Auto Industry Players Pushes for Car-to-Car Communication for Safer Driving

Car-to-car communication may be the answer to the increasing road accidents that kill millions of people worldwide each year. In two years time, the world is going to experience a breakthrough in driving with the introduction of V2V technology.

General Motors has been in collaboration with the University of Michigan and the National Highway Traffic Safety Administration (NHTSA) to create a wireless technology that allows cars to talk with other cars.


However, in two years time, it is going to debut operation in an actual environment – on the main roads. GM had announced in September 2014 its plan to release a V2V-equipped Cadillac by 2017. This is not going to be a long wait anymore. GM has been working on the technology for the last ten years or so.

Currently, the collaborators are testing thousands of car in a simulated environment. Some 3,000 cars equipped with V2V have been tested on the roads of Ann Harbor in Michigan. The V2V enabled the cars to talk with each other by broadcasting their GPS location, speed and other relevant data to nearby units, thereby avoiding collision and accident.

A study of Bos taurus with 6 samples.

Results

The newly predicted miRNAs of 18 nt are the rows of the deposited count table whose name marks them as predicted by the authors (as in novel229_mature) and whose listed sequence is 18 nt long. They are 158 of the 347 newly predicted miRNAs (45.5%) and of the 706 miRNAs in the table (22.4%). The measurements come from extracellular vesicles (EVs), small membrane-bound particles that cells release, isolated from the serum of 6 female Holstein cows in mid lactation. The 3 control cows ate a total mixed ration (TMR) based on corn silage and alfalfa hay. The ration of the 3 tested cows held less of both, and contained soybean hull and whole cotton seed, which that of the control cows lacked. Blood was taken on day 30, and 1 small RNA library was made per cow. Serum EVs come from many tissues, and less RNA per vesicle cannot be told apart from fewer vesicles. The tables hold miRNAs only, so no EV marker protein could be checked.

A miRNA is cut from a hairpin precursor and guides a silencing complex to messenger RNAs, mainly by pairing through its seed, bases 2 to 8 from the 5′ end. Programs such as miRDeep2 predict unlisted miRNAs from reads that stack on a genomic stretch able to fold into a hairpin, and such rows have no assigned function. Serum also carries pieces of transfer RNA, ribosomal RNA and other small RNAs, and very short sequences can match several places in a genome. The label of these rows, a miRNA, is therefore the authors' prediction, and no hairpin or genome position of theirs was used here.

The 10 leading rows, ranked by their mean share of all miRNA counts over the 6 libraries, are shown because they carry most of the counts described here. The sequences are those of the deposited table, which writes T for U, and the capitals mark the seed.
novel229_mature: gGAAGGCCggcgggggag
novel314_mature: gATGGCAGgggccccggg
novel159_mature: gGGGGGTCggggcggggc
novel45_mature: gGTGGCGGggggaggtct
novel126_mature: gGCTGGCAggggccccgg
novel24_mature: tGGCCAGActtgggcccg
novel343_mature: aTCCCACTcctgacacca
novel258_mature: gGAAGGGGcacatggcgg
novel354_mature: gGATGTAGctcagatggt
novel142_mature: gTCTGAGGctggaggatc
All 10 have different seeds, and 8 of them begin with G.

GM is not the only automaker actively participating in the V2V research and implementation. According to Mike Shulman, technical leader at Ford Motor, other major carmakers are also sharing their ideas such as Audi, Ford, Honda, and Volkwagen to help standardize communication across various car brands.

Although a promising technology, Shulman reveals the possibility of roadblocks to the V2V. He cites the Federal Trade Commission’s comments to NHTSA, which centers on the privacy concerns among motorists once the V2V becomes a mandated system.


Debra Bezzina, senior project manager at University of Michigan, says the V2V system will be the foundation for automated or self-driving cars.